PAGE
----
As humans, we have been using wool for thousands of years. And you can see why – its warmth, softness and breathability make it suitable for a lot of different items. But what about when it comes to the end of its usable life – is wool biodegradable and fit for the compost pile? Usually, as long as it is pure wool and not a synthetic ‘wool’ blend. Let’s find out more…
Firstly, where does wool come from?
Understanding where an item comes from is the first step in determining if it is biodegradable (and generally eco-friendly) or not. Its origin holds different clues. When we think of wool, we most likely strike up an image of fuzzy sheep fleece. However, wool can come from different animals – if an animal has hair, wool can be made. Wool from goats, camels and alpacas are amongst the most popular. Although these wools have different qualities, they have one thing in common – they are all 100% natural.
So, is wool biodegradable?
If an item is biodegradable, it can be broken down naturally by bacteria and/or other microbes. Wool is a natural material and by the process of biodegradation can return its components to nature. Under suitable conditions it can breakdown in a matter of months.
However, wool is often blended with synthetic fibers such as polyester. This gives the fabric increased versatility but will also save you money. However, in terms of biodegradability, it is not good news! Polyester, and other synthetic fibers such as nylon, are not biodegradable. They will simply break up into smaller pieces over time and, rather than providing nourishment to nature, can cause havoc.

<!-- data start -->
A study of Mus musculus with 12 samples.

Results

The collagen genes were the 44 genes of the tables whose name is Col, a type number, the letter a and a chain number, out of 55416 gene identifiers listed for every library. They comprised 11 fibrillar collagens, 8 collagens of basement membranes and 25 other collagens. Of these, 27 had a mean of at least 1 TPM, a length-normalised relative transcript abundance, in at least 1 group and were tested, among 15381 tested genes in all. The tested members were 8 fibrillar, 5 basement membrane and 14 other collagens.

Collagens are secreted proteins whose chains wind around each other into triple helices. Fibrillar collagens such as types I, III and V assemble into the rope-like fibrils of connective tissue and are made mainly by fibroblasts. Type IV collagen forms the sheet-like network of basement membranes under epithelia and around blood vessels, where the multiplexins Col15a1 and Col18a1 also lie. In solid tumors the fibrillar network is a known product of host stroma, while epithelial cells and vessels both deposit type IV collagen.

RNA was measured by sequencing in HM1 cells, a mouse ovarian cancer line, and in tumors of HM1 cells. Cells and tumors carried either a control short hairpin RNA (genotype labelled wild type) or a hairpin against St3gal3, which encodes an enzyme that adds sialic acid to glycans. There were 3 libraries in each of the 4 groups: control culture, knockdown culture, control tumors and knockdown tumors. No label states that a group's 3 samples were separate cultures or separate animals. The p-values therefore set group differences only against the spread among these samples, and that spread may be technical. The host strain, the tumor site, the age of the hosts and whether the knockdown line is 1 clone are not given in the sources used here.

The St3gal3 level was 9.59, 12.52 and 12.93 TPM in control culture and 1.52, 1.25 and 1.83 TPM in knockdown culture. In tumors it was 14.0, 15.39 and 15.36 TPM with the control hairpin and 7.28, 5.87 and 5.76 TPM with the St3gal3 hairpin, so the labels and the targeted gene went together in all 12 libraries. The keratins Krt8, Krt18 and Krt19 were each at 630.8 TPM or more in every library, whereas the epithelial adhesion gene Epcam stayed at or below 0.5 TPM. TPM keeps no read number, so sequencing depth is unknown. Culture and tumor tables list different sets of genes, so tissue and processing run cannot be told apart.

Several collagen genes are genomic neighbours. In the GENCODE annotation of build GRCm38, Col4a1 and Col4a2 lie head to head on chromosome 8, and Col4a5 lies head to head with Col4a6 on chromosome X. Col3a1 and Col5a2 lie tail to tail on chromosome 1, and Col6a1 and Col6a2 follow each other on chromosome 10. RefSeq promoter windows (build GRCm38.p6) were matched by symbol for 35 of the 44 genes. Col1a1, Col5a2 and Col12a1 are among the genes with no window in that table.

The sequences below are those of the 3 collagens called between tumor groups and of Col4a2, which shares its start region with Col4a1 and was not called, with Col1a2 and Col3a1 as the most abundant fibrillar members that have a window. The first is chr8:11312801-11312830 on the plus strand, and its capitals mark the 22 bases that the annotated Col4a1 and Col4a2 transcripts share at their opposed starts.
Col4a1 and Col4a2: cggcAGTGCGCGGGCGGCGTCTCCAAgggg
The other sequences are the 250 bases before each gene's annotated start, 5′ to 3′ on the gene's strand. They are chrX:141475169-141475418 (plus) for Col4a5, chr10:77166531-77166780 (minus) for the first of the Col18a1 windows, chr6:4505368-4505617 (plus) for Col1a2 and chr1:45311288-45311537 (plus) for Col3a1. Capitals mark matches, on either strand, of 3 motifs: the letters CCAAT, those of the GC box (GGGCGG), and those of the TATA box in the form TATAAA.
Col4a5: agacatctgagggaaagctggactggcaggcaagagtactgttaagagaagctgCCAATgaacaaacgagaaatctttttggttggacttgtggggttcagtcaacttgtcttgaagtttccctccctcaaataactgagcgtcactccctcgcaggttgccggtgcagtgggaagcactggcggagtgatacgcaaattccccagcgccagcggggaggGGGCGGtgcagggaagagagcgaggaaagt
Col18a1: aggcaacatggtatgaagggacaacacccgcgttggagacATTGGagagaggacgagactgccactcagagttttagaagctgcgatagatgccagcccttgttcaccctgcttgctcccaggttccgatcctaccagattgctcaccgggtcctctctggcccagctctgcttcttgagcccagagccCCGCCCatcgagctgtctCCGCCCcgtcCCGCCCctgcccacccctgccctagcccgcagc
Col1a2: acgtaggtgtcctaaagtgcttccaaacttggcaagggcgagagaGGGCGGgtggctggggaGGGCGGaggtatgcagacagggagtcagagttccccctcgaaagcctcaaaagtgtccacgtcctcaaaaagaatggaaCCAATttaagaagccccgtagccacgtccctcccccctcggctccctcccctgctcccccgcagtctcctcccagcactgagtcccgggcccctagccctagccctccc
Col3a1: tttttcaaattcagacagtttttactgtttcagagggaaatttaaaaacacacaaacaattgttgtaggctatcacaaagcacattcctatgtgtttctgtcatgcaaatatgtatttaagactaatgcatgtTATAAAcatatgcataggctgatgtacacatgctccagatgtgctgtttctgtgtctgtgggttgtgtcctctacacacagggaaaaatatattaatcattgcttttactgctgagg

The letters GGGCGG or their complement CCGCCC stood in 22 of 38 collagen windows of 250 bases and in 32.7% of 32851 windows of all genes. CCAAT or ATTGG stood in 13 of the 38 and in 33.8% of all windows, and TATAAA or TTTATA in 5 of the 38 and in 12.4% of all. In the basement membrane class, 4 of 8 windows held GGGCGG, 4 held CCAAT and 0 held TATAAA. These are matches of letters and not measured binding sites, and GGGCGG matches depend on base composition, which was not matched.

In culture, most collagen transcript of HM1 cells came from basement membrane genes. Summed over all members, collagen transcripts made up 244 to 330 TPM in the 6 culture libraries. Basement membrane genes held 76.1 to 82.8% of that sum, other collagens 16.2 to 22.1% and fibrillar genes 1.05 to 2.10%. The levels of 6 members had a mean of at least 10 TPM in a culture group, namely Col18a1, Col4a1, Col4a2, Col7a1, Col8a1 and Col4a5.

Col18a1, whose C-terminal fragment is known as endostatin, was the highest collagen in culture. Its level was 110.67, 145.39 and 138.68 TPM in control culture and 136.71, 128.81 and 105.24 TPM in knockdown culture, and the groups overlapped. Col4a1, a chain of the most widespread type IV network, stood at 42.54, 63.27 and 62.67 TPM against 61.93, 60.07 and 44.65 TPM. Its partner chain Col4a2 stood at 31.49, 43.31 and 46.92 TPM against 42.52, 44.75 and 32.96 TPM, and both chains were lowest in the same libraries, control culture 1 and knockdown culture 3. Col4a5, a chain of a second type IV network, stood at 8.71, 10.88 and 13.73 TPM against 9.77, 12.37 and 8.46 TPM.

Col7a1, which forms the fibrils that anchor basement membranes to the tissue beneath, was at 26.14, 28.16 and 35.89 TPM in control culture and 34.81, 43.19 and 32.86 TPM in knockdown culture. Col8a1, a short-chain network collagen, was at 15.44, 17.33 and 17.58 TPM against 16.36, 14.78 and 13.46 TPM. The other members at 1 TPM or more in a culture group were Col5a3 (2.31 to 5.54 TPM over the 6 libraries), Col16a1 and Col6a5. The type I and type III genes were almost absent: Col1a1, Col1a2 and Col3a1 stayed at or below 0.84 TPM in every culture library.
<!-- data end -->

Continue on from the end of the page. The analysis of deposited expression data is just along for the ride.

Is wool compostable?
Composting is a great way to reduce the amount of household waste that you send to landfill. Not only that, but you will also produce some homemade, nutrient-rich fertilizer too! However, contrary to what many people believe, just because an item is biodegradable does not mean it is automatically qualifying for the home composting pile. If may, for example, contain certain chemicals that may do your garden more harm than good. On the other hand, to be compostable, an item must be biodegradable! We can rule out wool-synthetic blends straight away. They are, unfortunately, a no-go when it comes to composting.
Pure wool, however, can be composted. As with other natural fibers such as hemp and linen, it makes a great carbon-rich ‘brown’ ingredient to add to your pile. As with all composting endeavours, it is important to ensure you have a suitable mixture of both ‘browns’ and nitrogen-rich ‘greens’, such as food scraps and urine(!), in your compost pile. You might need to do a bit of experimentation and adjust as you go, but we find a simple 1:1 ratio effective. Just be sure to monitor it – a shift away from a suitable ratio will show tell-tale signs such as dryness or bad odor. If you are new to the composting game, have a look here for some top beginners’ tips.
Some considerations when composting wool…
Before adding a woolen garment/item to a compost pile, you must consider how it was cleaned in its usable life. For example, clothes that have been regularly dry cleaned will likely have remnants of chemicals that you don’t want in there. Unwanted chemicals can cause havoc. They can contaminate the pile and, ultimately, end up in amongst your produce. Some people still add these but only add the end-product to non-edible plants. However, as always, it is your call – don’t ever add anything that you feel uncomfortable with.
You can speed up the process a little by cutting the woolen item into smaller pieces. In addition to providing a larger surface area for the bacteria to munch on, it will also allow you to mix the pieces evenly within the pile and share its carbon-richness as it goes. Although, not essential, it will speed up the process a little bit.
The bottom line
Composting is a great way to divert some of our household waste to landfill. We always recommend reuse and gifting in the first instance, but if this is not possible composting is a suitable alternative. Just make sure that the ‘wool’ is actually wool! If blended with any synthetic materials, it will only partially break down in the pile. The wool part will biodegrade but the polyester/nylon will just fill your pile with harmful microplastics.